Karen Le Billon’s French Kids Eat Everything is the kind of book that makes you question what you’re feeding your kids. Her tales of petite children in French preschools lining up for lovely lunches of lentils and salmon make our lunch boxes loaded with granola bars and PB&J sandwiches look lackluster, unhealthy, and well, boring. Getting To Yum, her follow-up book, out this month, promises to teach parents a few simple solutions to quelling picky eating habits.
While it tackles the usual suspects (hello, broccoli!), Getting To Yum also delves into interesting food category territories, identifying common eating bugaboos and prescribing techniques to help turn things around. For instance, if your kid has trouble mixing food together, Le Billon suggests starting slowly with games and hands-on kitchen experiments which show how foods they already love (like macaroni and cheese) are actually several ingredients mixed together. Putting them in charge of some of the mixing work gives them a sense of autonomy and confidence, and might make mixing other foods, say, some different snack foods or some parsley mixed into that mac ‘n’ cheese, less bothersome to them.
With sensible text and a light-hearted take on including kids in the kitchen, which the author thinks is key to raising eager eaters, Getting To Yum is a very approachable guide to livening up your family’s palate. It also does a good job of removing any sense of anxiety that you as a parent might have about what your kids are actually eating right now. In a chapter devoted to toddlers, the first paragraph instructs parents not to worry about all the USDA recommendations for five servings of fruits and veggies a day, and that if your child is within the normal range for weight and height that their picky phase is probably just a normal phase of development. Phew. With constant reminders about a child’s need for a sense of control over their surroundings, it’s easy to see how the table can become a battleground if we fall too easily into the “eat this or no dessert” trap. All the techniques and tricks in the book begin gradually, which is such a sensible way to approach anything with kids. There are also quite few simple but silly tricks, like the Silly Name Game, which reassigns a name of the child’s choosing to a dish to cut out any negative perceptions—Monster Surprise sounds a lot more fun than “spinach,” doesn’t it?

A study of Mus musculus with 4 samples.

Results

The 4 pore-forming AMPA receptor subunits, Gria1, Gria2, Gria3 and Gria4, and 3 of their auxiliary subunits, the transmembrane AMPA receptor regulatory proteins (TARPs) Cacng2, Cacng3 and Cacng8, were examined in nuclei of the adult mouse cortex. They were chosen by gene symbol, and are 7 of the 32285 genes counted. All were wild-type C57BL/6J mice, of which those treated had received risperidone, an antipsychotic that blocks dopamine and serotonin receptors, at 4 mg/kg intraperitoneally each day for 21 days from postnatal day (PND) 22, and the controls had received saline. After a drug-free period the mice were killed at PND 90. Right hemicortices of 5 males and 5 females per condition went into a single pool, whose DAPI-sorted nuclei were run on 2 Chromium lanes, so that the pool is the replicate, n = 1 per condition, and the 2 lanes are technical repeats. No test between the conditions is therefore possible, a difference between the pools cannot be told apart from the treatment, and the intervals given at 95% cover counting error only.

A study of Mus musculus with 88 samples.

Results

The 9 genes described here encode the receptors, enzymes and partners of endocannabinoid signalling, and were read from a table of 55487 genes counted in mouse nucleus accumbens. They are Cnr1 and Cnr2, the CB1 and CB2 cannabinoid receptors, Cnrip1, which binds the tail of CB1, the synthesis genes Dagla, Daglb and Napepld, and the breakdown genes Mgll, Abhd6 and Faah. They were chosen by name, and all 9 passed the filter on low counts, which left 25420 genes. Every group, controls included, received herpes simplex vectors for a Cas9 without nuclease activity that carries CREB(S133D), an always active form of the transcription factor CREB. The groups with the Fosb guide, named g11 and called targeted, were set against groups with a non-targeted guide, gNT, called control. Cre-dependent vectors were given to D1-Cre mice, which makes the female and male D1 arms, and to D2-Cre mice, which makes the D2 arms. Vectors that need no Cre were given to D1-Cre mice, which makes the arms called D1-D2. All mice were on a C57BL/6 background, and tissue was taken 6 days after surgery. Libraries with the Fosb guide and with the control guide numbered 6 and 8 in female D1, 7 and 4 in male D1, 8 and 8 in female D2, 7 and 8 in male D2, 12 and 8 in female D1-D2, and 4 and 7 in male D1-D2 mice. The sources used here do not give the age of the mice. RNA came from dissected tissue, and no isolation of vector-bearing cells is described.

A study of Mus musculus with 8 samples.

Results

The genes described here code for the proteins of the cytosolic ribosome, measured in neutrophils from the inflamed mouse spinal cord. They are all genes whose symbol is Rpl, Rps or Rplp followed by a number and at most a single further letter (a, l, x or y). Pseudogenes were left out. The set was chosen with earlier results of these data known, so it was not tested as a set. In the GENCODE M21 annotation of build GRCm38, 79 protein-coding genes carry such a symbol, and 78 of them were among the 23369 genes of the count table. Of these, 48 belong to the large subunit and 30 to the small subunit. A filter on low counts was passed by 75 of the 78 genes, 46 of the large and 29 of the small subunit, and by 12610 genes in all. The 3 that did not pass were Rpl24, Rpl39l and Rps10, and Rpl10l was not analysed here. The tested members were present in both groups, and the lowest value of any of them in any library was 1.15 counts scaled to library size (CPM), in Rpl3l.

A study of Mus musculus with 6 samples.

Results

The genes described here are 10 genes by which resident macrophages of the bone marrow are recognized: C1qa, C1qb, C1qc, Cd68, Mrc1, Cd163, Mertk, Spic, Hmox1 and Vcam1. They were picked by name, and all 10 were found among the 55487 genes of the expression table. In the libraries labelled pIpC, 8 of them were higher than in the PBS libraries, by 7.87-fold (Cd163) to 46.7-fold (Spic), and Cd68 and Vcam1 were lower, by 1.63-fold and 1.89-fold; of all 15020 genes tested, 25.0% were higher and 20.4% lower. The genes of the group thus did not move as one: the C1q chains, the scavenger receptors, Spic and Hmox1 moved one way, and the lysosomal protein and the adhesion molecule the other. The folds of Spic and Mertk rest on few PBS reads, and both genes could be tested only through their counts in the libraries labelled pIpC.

One major theme that runs throughout Getting To Yum is leading by example. As parents, we are responsible for feeding our children, and if they see us taking bites and proclaiming something to be delicious, then they are much more likely to have positive attitudes about food. Telling your child constantly that they “have” to eat something enforces a sense of duty, not excitement. An alternative? Try telling them “Eat this! It tastes so good!” That idea of enjoyment is part and parcel of developing their palate, and their sense of engagement at the table.
Ready to try something new with your kids? This grated carrot salad is colorful and crunchy, and a perfect introduction to food with texture for young palates.
Grated Carrot Salad
8 large carrots
2 tablespoons olive oil
Juice of one orange
Juice of half a lemon
One bunch flat leaf parsley
Optional: a dash of Dijon mustard
Pinch of salt
Dressing: Mix the orange and lemon juice with the olive oil and the salt. Store separately until just before serving. You may want to add more oil, or lemon, depending on your tastes. But don’t overdress this salad! It should be nicely coated, but not swimming in the dressing.
Carrots: Peel the carrots. This is important, because the skin is often more bitter than the interior! Grate the carrots in fine shreds using a hand grater or machine. (These food mills are popular in France, and make fine, delicate shredded carrot—if you have one, use it!) The finer the strands, the more delicious the salad.
Parsley: Chop a quarter bunch of flat leaf parsley, in fine, small (I mean teeny, tiny) pieces. Make sure you don’t include any of the stems—just the leaves. Note: you don’t want dried parsley, as the fresh parsley offsets the texture of the carrots perfectly, whereas dried parsley tends to taste a bit crunchier and, well, dry.
Combine the carrots, parsley and dressing just before serving. Best served slightly chilled or at room temperature.